Monday, January 25, 2010

Hive of Industry

Maitland Mercury, Monday 11 January, 2010

Welcome back to Maitland Gaol “Unlocked” as we take our first peak for 2010 behind the scenes of Maitland Gaol’s growing collection of artefacts.

From its earliest days Maitland Gaol operated as an “industrial prison”. Though the population of the gaol, which rarely exceeded 350 inmates, was considered small, there was on offer a multitude of opportunities to “keep idle hands and minds busy in employment”.

Records dating from the late 1830s indicate that convict labour was utilised in the original clearing of the site and construction of the gaol. Once the gaol was officially opened in 1848 inmates were required to work if healthy enough to do so. From unskilled labour to trades-work such as carpentry, painting, blacksmithing, stonecutting, book binding and tailoring, inmates were employed in almost every aspect of the day to day running of the prison. The small number of women incarcerated were usually employed in needlework, washing, sweeping and general cleaning.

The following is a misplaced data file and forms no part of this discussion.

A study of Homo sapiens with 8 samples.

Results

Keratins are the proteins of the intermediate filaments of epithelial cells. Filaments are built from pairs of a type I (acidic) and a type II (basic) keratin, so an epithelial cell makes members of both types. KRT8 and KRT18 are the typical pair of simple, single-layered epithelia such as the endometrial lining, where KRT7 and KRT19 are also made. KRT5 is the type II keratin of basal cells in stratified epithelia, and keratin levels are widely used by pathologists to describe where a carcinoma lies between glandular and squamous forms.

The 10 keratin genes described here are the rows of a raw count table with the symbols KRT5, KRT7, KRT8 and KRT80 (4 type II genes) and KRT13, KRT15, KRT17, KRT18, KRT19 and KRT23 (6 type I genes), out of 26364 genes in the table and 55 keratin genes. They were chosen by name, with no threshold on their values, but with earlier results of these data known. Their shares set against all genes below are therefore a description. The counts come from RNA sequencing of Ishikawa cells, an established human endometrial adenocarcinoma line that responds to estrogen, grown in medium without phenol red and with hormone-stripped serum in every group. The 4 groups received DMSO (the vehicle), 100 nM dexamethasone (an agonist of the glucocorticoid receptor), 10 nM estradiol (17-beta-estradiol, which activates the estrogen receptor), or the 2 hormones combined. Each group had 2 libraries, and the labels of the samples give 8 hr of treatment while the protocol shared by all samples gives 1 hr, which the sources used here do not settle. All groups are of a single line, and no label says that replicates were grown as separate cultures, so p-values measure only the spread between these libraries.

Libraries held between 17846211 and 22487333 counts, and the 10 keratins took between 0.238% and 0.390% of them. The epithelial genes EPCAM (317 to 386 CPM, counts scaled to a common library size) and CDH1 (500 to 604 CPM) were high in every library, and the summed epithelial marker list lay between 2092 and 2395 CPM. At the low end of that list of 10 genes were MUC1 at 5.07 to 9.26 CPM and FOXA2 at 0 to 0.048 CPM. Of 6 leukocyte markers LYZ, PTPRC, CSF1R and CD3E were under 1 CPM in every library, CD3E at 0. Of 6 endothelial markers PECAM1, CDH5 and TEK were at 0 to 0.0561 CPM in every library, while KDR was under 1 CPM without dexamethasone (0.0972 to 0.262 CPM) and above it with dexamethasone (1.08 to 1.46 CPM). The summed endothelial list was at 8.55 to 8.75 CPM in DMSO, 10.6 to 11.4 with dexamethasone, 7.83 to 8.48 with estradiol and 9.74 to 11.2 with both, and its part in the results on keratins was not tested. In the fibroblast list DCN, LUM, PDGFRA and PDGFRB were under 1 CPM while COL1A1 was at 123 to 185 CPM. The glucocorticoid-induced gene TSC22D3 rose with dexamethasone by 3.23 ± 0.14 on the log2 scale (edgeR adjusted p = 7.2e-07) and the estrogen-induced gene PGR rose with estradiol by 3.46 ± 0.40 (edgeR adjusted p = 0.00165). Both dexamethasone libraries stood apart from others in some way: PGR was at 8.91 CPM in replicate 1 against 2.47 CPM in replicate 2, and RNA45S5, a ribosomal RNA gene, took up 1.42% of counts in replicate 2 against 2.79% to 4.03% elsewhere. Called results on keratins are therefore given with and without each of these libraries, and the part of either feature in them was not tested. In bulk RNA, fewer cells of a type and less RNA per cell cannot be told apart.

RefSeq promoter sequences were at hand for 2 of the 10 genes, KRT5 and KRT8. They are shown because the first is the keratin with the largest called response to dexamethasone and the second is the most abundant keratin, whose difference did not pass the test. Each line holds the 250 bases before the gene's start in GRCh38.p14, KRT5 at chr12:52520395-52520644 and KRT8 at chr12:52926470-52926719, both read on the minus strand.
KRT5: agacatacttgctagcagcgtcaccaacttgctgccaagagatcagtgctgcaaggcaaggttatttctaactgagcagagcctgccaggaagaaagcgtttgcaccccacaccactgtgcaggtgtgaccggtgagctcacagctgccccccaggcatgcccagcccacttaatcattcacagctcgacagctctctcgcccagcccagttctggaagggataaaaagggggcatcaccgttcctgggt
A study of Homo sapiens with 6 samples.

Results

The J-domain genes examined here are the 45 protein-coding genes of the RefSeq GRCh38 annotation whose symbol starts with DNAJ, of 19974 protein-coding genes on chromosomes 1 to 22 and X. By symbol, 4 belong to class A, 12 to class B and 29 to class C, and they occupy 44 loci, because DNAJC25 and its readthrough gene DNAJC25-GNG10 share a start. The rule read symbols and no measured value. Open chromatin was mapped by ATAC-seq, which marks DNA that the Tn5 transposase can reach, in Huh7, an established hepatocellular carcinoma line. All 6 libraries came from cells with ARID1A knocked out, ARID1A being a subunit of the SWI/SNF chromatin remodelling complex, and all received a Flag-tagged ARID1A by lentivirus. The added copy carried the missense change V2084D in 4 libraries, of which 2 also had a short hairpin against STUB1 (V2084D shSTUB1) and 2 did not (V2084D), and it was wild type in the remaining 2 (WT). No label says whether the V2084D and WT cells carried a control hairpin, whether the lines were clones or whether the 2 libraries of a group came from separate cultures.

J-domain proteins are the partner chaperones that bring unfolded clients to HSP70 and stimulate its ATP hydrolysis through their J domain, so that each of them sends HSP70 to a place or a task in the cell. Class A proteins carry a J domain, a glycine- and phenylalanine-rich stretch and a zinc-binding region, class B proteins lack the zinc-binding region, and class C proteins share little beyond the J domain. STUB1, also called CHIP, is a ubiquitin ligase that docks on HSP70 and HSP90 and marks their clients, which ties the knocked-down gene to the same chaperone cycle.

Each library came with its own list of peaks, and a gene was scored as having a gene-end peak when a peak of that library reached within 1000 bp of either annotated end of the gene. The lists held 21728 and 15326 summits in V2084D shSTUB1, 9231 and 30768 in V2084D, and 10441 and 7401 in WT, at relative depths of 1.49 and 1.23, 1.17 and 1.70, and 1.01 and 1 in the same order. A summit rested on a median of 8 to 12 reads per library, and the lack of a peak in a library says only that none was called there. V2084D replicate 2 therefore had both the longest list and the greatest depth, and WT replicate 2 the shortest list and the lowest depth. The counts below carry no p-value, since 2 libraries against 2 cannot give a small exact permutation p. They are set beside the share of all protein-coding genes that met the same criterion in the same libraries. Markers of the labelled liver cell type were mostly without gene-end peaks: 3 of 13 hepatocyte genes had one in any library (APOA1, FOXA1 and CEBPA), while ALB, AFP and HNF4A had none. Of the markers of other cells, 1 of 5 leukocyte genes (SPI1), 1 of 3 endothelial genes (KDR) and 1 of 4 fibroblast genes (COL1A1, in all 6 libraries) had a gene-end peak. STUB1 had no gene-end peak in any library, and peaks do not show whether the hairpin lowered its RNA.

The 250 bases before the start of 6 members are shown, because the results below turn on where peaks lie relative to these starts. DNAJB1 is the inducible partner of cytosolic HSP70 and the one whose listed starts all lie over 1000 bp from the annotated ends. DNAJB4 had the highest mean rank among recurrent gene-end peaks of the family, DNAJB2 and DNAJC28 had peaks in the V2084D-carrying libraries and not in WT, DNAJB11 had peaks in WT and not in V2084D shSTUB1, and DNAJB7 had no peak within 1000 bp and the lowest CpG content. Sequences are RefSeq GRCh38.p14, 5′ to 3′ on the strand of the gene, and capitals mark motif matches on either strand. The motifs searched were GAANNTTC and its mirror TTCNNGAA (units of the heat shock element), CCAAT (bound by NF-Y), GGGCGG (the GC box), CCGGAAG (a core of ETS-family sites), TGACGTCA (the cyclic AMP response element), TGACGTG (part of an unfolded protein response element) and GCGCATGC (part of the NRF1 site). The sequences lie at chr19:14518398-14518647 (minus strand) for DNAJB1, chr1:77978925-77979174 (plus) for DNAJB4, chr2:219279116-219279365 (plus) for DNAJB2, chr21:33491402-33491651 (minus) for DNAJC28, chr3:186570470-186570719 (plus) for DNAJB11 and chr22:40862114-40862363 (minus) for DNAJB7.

The accompanying image includes scissors from the old Tailor Shop, a sign from the Upholstery Shop, and templates used in the fabrication of hospital theatre boots and assorted items for the armed forces. These artefacts relating to the honest toil carried out by inmates in the modern era under the supervision of Corrective Service Industries are testament to the work carried on throughout the entire 150 years that the Maitland Gaol operated.

As always, Mercury readers are encouraged to contact Maitland Gaol staff on (02) 4936 6482 or with information regarding the gaol’s operation.